The importance of the judiciary cannot be overstated as its primary role continues to be to defend and uphold the United States Constitution and ensure that the rule of law prevails, said Congressional Black Caucus Chair G.K. Butterfield.
The remarks from the North Carolina Democrat came after a report by the Center for American Progress argued that the lack of diversity among judges who sit on the nation’s courts is hindering fairness and the perception of fairness in the judiciary.
“The role of the judiciary is to deliver justice and to do it evenly and fairly,” Butterfield, 68, said.
“There are also barriers in the judiciary. Access to justice is being denied every day in courtrooms across America,” he said.
“These barriers must be eliminated, excessive arrests and excessive charging, drug offenses clogging the system, ineffective counsel, crowded dockets, jury pool and jury selection, judges with extreme political views that impact judicial discretion, unnecessary active sentences, inadequate probations departments, mass incarceration, and expungement.”
The CAP report, released on Oct. 26, noted that disparities in the re-election rates for elected judges of color raise alarming questions about how judicial elections affect diversity on the bench, a problem that will only become more pronounced as demographic shifts continue their trends.
The report offers recommendations for reforms that could help foster diversity on the bench, such as public financing for judicial campaigns and programs that would expand the pipeline of diverse lawyers who could become judges.
“The role of the federal judiciary and its decisions are often examined, but far less focus and study are directed to the role of state courts and their impact and influence on our lives, and this report aims to change that reality,” said Michele L. Jawando, the vice president of Legal Progress at the CAP and co-author of the report.
“Our courts are supposed to be fair arbiters of justice for all, and our report raises serious concerns about the influence of money in politics specifically in judicial elections and the effects of that influence in inhibiting diversity in our courts,” Jawando said in a news release.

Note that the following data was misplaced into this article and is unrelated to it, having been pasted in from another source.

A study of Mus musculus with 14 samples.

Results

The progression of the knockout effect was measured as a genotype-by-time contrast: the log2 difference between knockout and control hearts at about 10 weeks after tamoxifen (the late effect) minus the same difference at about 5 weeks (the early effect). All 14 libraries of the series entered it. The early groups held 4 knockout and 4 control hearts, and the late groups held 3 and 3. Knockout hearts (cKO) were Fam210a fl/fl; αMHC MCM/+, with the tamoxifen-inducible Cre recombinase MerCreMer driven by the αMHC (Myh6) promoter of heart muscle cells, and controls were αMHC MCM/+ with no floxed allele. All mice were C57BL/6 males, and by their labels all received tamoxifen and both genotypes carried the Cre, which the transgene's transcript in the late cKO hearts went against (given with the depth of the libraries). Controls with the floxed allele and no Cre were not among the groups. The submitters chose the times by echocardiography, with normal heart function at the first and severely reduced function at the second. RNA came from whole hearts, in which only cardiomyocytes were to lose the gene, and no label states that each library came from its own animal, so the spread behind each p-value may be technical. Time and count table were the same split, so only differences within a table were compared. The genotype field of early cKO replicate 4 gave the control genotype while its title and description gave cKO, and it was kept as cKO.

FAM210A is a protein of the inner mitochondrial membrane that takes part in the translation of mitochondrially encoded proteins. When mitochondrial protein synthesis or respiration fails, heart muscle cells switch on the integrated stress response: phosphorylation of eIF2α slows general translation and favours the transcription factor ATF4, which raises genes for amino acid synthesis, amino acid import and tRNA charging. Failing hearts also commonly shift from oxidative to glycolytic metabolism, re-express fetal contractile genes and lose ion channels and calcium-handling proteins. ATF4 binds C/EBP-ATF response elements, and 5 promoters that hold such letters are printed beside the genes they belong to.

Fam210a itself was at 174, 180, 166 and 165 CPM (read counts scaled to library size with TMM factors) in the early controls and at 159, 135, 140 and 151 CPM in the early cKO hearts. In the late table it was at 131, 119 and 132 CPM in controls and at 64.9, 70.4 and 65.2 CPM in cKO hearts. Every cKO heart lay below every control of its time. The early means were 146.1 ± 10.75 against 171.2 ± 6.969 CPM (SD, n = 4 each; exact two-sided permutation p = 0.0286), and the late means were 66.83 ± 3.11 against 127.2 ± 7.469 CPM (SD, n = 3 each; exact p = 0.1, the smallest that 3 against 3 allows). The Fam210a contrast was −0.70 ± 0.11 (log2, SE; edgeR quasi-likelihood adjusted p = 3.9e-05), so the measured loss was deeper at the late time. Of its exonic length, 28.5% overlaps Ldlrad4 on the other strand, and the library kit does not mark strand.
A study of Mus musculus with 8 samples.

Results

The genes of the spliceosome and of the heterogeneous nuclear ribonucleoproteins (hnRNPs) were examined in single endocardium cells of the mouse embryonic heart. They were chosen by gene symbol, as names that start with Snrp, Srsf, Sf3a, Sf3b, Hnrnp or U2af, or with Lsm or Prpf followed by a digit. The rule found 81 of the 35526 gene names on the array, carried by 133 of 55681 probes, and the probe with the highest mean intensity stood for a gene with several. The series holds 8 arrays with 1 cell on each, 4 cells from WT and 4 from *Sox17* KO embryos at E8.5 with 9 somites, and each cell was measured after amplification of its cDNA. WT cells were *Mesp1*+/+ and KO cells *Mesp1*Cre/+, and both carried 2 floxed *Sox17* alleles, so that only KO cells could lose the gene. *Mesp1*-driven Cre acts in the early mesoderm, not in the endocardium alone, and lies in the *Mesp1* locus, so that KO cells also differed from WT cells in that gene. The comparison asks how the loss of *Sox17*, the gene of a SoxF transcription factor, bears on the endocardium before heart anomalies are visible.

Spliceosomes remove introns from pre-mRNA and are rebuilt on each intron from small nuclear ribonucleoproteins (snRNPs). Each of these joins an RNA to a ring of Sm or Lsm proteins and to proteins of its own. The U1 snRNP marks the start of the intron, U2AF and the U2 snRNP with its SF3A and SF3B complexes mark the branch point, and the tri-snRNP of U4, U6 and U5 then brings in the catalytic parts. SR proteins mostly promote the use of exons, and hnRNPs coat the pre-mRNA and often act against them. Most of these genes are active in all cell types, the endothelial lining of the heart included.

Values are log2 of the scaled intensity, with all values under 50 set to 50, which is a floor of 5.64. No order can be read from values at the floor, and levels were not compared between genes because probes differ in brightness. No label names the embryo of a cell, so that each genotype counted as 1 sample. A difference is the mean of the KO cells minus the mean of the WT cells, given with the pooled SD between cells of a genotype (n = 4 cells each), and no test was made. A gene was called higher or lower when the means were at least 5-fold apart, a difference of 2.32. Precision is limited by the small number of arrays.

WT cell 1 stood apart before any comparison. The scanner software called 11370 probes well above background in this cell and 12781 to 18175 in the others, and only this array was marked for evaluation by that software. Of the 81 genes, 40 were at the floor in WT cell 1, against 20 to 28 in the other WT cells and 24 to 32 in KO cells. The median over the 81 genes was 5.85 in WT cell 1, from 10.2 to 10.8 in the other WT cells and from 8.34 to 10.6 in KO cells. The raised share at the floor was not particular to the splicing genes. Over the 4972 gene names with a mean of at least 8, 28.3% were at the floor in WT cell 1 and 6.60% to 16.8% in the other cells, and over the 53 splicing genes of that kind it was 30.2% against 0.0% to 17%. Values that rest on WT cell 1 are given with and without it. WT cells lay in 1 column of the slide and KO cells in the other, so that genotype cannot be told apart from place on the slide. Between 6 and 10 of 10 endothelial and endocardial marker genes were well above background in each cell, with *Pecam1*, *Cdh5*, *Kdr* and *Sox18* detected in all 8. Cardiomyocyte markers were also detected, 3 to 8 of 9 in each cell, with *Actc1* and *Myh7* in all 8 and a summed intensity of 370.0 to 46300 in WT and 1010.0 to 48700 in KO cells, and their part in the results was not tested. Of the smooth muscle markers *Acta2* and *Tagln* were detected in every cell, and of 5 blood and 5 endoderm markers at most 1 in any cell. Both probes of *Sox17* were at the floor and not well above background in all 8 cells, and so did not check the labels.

In many states, diverse justices were appointed to the bench, only to lose their seats in the next election. The CAP report examined one of the reasons for the discrepancies by looking at how judicial elections and the rising costs of judicial campaigns keep individuals of color off the bench, the authors said.
For example, since 2000, white incumbents have had a 90 percent re-election rate, compared with 80 percent for Black justices and a mere 66 percent for Latino justices.
The report also examined how that glaring lack of diversity calls into question the overall fairness of the justice system.
“Given the country’s demographic shifts and the important issues that come before state courts such as the rights to vote and to a decent education, family disputes, and the vast majority of criminal cases who sits on these courts matters,” said Billy Corriher, the director of research for Legal Progress and another co-author of the report.
“While we expect our courts and our judges to be fair, we should also expect our judiciary to reflect the communities it serves.”
Communities across America must have judges presiding over cases that reflect the diverse makeup of their communities, Butterfield said, adding that judges must come from the “real world” and understand the racial and cultural differences that make America great.
“Put a different way, judicial diversity promotes impartiality by ensuring that no single viewpoint or perspective or set of values can persistently dominate legal decision making,” Butterfield said.
The CBC chair noted that Supreme Court Justice Ruth Bader Ginsberg has commented that a “system of justice is the richer for the diversity of background and experience of its participants.”
Also, Justice Lewis Powell stated “a member of a previously excluded group can bring insights to the Court that the rest of its members lack,” and legal scholar Sherrilyn Ifill asserted that “racial diversity among judges is a critical means of achieving cultural pluralism in judicial decision-making.”
Butterfield, who served on the North Carolina Supreme Court and was defeated in a partisan election in 2002, said elected judiciaries are generally less diverse than their appointed federal counterparts and thus one can assert there is a lack of a variety of experiences informing the deliberative process.
“We must continue the debate about the most effective method of judicial selection,” he said. “We must continue to explain why dirty money in judicial elections are damaging to the independence of the judiciary.”